Posted on: December 8, 2020, 02:02h.
Last updated on: December 8, 2020, 02:02h.
Foxwoods Resort Casino in Connecticut has temporarily closed two of its hotels due to low demand as a result of COVID-19.
The tribal casino resort owned and operated by the Mashantucket Pequot Tribal Nation announced this week that the Fox Tower and Two Trees Inn are both closed for the time being.
Fox Tower offers 825 rooms. Two Trees Inn, which is located separately from the main resort about four-tenths of a mile away, has 290 rooms.
Much like other industries, the continued spread of COVID-19 continues to impact our resort due to rising cases and new travel guidelines in place,” said Foxwoods Interim CEO and President Jason Guyot.
“As a result, we are making some temporary updates to our overall resort offerings and moving towards winter hours and operations. This includes reduced hotel capacity and gaming offerings across some areas of the resort,” the executive added.
Foxwoods says the Fox Tower closure resulted in “less than 100 team members” being furloughed.
Foxwoods’ Grand Pequot Tower, Great Cedar Hotel, and the Villas remain available. Grand Pequot has 785 guestrooms, Great Cedar 317, and Villas 23.
Mohegan Sun, the other tribal casino resort in the Nutmeg State, has not announced any closings for its accommodations.
Mohegan is no longer limiting guests to only New England states. Foxwoods, however, is limiting guests from states on the Connecticut Regional Travel Advisory to a maximum 24-hour stay. Patrons who test negative for COVID-19 three days prior to arrival can stay longer.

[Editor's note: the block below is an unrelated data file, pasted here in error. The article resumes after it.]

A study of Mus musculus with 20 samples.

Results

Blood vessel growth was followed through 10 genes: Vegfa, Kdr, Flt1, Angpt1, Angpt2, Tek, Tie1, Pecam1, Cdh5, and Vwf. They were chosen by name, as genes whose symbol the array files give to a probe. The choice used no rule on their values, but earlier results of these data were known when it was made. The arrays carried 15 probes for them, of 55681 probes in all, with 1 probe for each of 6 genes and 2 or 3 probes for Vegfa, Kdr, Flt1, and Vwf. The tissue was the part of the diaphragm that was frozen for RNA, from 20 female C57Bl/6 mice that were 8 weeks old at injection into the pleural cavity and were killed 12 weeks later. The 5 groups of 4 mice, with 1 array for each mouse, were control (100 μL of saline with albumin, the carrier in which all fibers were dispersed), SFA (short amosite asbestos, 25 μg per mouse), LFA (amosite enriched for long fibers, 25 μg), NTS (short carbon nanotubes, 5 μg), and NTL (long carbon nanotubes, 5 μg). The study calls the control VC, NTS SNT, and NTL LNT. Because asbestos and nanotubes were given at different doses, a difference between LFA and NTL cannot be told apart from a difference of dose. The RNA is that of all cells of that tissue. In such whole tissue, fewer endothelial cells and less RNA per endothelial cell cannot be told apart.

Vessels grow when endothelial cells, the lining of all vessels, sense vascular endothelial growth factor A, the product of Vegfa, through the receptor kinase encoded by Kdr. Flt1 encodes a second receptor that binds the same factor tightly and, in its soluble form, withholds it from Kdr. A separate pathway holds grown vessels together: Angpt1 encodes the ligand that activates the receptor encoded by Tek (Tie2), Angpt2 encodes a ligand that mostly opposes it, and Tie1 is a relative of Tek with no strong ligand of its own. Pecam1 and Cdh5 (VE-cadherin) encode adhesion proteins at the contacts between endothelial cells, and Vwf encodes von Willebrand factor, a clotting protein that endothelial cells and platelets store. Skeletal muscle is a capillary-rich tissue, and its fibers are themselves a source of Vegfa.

Foxwoods and Mohegan Sun are operating at a maximum 25 percent capacity, a limit each tribe self-imposed on their respective casinos. As tribal enterprises, the casinos are not required to adhere to state-mandated health restrictions.
Limited regional travel has nonetheless hurt the casinos. Slot machines at Foxwoods won just $26.1 million in October, a year-over-year decline of 24.4 percent. Mohegan Sun’s terminals kept $35.8 million — down 18 percent.
Since reopening June 1, Foxwoods has kept $147.5 million of gamblers’ slot money. That’s a 19.5 percent decline compared with the same five months in 2019. Mohegan Sun’s slot haul is down 7.4 percent to $214.7 million.
Things Better in Florida
While Connecticut’s tribal casinos are struggling amid the pandemic, the Seminole Tribe of Florida is looking to hire hundreds of workers for its Hard Rock Tampa casino. The resort held a career fair this week, with job offers made on the spot.
Unlike in Connecticut, Floridians are going about their lives in a much more normal, pre-COVID-19 manner. Florida Gov. Ron DeSantis (R) has urged residents in the Sunshine State to wear masks, but many are not. There are also no state-imposed restrictions on restaurants and bars.
DeSantis signed an executive order earlier this year that says local officials cannot restrict restaurants to operate at less than 50 percent of their indoor capacity.
Seminole Hard Rock & Casino Tampa is in need of more workers, as business is strong. Seminole casinos in Brighton, Coconut Creek, Immokalee, and Hollywood are additionally hiring.